Menu
SHOP

Free Delivery on UK Orders Over £35 14 Day Returns Trustpilot

Limitations of Apps & Websites When Predicting Fertile Window

Posted by Dr Fertility on

clue-app-period-trackerA new study reveals that websites and apps that predict women’s most fertile days can often be inaccurate. The research, which tested 53 fertility calculators, found that only 4 predicted the woman’s precise fertile window. Dr. Robert Setton, the lead researcher and obstetrics and gynecology resident at New York-Presbyterian Hospital explained, “I'd recommend that consumers be cautious, and not completely rely on these sites and apps".

Ovulation calculators work by entering your last menstrual period and your average cycle length to predict when you will ovulate. For a woman with a regular 28 day cycle the app would identify the typical fertile window of day 10 – 15. This includes 5 days before ovulation and the day of ovulation.

 

From the 20 websites and 33 apps assessed only one website and three apps identified that fertile window. They included the Babymed.com site and the apps Clue; My Days - Period & Ovulation; and Period Tracker. Clue uses an algorithm to calculate and predict your own unique cycle, which means it gets more accurate the more you use it.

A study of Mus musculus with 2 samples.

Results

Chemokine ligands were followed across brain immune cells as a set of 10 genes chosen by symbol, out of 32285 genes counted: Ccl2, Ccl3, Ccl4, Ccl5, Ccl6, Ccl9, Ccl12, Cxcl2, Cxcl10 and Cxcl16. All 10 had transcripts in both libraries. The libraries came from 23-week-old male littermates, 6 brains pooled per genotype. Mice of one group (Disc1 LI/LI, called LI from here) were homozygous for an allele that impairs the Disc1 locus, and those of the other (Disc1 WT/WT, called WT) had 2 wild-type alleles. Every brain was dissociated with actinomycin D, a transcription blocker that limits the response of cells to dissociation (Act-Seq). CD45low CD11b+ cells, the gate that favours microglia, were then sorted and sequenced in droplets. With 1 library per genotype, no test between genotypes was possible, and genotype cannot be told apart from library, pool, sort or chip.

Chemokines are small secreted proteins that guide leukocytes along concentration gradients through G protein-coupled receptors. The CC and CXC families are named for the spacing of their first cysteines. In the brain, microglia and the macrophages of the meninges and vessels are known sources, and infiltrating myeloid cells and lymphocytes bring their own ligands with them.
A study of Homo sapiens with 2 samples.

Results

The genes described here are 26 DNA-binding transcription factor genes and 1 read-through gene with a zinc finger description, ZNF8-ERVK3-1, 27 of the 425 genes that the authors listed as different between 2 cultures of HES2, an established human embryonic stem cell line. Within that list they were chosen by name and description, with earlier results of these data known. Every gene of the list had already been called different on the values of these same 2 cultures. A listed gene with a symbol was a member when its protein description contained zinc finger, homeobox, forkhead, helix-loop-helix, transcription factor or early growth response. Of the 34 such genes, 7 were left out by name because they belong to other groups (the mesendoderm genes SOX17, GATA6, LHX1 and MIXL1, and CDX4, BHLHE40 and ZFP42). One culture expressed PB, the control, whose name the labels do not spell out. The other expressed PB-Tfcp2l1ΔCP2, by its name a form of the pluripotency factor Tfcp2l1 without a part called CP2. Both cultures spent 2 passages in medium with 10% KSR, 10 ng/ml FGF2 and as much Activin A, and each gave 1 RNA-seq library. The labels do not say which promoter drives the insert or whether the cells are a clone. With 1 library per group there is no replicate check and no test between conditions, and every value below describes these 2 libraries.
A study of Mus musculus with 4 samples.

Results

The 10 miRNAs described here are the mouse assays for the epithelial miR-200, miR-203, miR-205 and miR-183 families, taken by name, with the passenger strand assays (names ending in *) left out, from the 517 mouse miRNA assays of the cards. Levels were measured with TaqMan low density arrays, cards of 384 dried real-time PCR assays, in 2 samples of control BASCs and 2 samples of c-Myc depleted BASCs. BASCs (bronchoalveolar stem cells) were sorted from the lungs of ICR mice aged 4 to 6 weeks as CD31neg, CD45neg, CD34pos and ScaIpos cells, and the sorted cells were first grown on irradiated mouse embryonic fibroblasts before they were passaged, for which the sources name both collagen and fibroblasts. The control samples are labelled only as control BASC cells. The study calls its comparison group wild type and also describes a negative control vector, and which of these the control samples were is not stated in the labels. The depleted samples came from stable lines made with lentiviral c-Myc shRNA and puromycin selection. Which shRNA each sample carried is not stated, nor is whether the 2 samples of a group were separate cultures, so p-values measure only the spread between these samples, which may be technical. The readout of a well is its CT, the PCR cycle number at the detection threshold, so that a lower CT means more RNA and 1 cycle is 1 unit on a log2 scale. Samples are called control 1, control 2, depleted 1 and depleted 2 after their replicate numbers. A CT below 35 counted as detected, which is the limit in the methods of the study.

Although Dr. Jennifer Wu, an obstetrician-gynecologist at Lenox Hill Hospital in New York City, wasn’t part of the study, she agreed "Many patients use fertility apps on their smartphones. They do need to be aware that many of these apps are inaccurate".

 

She noted that this study used an average menstrual cycle length of 28 days. "But it's actually normal for cycle length to vary from 21 to 35 days," she said.

 

Wu recommended the use of ovulation prediction kits to help identify the fertile window more accurately. Ovulation tests measure the level of LH (Lutenzig Hormone) in a woman’s urine to identify the surge which happens during ovulation. The websites and apps can give a good indication of when to start testing and then the ovulation tests pin point the actual days.

 

Source: Robert Setton, M.D., obstetrics and gynecology resident, New York-Presbyterian Hospital/Weill Cornell Medical College, New York City; Jennifer Wu, M.D., obstetrician-gynecologist, Lenox Hill Hospital, New York City; May 15, 2016, presentation American College of Obstetricians and Gynecologists annual meeting, Washington, D.C.


Share this post



← Older Post Newer Post →


Leave a comment

Please note, comments must be approved before they are published.